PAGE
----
November 2, 2018 12:53 pm
Updated: November 2, 2018 5:03 pm

Halifax dispensary owner Chris Enns appears in court to appeal trafficking charges

WATCH: A medical marijuana advocate was back in court today representing himself. Chris Enns is fighting trafficking charges, but as Alexa MacLean reports, some medicinal users and dispensary workers say this fight is really about access to medical cannabis.


Enns was pulled over and arrested during a traffic stop along Highway 7 in Lake Echo, N.S., in November 2017.

READ MORE: Halifax marijuana dispensary owner arrested, charged again

Following a search of his vehicle, police say they seized six pounds of cannabis, around 148 grams of shatter and 500 capsules of cannabidiol.

Police say they seized a large quantity of cash as well.

Enns was charged with two counts of possession of a controlled substance for the purpose of trafficking, possession of proceeds of crime over $5,000 and breach of conditions.

He was also given a ticket for speeding, which police say was the initial reason they stopped his pickup truck.

WATCH: Marijuana advocate Chris Enns arrested, facing charges following traffic stop

Enns was in Dartmouth provincial court Friday for a preliminary hearing during which he’s trying to have the drug charges withdrawn. He says he’s trying to prove that the preliminary inquiry is a waste of court resources based on what he calls “constitutional issues.”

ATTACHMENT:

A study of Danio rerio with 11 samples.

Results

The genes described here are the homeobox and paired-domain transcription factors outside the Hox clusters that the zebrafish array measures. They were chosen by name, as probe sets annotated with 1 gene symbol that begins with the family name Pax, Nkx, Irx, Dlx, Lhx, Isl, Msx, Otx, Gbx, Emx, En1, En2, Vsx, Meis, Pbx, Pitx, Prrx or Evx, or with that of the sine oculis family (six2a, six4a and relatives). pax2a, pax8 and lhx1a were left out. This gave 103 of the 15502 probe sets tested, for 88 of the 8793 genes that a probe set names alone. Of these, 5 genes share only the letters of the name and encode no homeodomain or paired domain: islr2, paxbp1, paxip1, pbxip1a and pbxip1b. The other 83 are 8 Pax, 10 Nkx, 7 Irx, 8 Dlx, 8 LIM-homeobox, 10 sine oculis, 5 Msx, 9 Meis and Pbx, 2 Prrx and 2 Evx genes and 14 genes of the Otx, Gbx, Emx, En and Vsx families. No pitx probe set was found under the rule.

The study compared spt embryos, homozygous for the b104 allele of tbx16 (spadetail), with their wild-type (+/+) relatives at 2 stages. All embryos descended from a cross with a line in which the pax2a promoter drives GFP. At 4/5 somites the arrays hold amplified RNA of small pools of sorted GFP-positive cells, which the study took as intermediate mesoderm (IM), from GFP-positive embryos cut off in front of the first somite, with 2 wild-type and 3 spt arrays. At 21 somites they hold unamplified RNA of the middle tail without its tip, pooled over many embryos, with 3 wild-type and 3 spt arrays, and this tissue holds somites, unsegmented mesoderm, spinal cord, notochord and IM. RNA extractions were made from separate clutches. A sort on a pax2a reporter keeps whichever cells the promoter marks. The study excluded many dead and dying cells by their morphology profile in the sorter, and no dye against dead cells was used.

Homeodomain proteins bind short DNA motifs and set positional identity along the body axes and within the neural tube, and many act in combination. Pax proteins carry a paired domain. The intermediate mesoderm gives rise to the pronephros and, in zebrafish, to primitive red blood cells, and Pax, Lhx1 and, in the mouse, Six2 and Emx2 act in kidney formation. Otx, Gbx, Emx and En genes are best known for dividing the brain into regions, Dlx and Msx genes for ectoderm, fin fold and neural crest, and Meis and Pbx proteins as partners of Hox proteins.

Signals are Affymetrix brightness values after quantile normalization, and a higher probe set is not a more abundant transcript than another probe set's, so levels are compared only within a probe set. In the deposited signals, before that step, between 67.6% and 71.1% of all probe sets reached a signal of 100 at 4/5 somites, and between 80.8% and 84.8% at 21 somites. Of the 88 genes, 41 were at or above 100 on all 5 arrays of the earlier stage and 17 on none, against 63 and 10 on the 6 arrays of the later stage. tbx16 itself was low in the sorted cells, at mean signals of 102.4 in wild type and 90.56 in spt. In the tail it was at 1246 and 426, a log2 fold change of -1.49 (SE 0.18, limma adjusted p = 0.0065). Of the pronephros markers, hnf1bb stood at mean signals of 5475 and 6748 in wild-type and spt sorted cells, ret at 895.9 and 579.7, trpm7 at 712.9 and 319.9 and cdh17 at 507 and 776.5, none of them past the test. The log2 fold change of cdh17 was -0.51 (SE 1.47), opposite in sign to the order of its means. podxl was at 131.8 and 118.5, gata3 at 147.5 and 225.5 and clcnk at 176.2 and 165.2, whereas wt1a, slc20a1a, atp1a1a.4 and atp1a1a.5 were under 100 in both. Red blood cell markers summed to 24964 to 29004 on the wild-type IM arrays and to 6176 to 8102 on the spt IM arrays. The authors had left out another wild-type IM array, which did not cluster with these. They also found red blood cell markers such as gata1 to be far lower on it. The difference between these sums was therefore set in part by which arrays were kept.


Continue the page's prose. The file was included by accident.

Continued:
“The main constitutional issues are that patients simply still do not have a right to access derivatives and extracts from a storefront dispensary and nor is there any source of these extracts or edibles available for patients in the current Cannabis Act, medical regime,” Enns said.


“There’s still a lot of patients that need help and even doctors now are telling people, ‘You don’t need a licence, just go to the liquor store,’ so there lies a problem if cannabis is a medicine and doctors are referring you to the liquor store and not bothering to educate themselves about the benefits of cannabis,” said Sherri Reeve, who was removed from the courtroom Friday.

All of the evidence heard Friday remains sealed under a publication ban. Enns says he plans on bringing cancer patients he supports through his medical dispensary to his next appearance.

Enns has previously told Global News that he felt his business, Farm Assists on Gottingen Street, was a target of police raids prior to the legalization of cannabis.

© 2018 Global News, a division of Corus Entertainment Inc.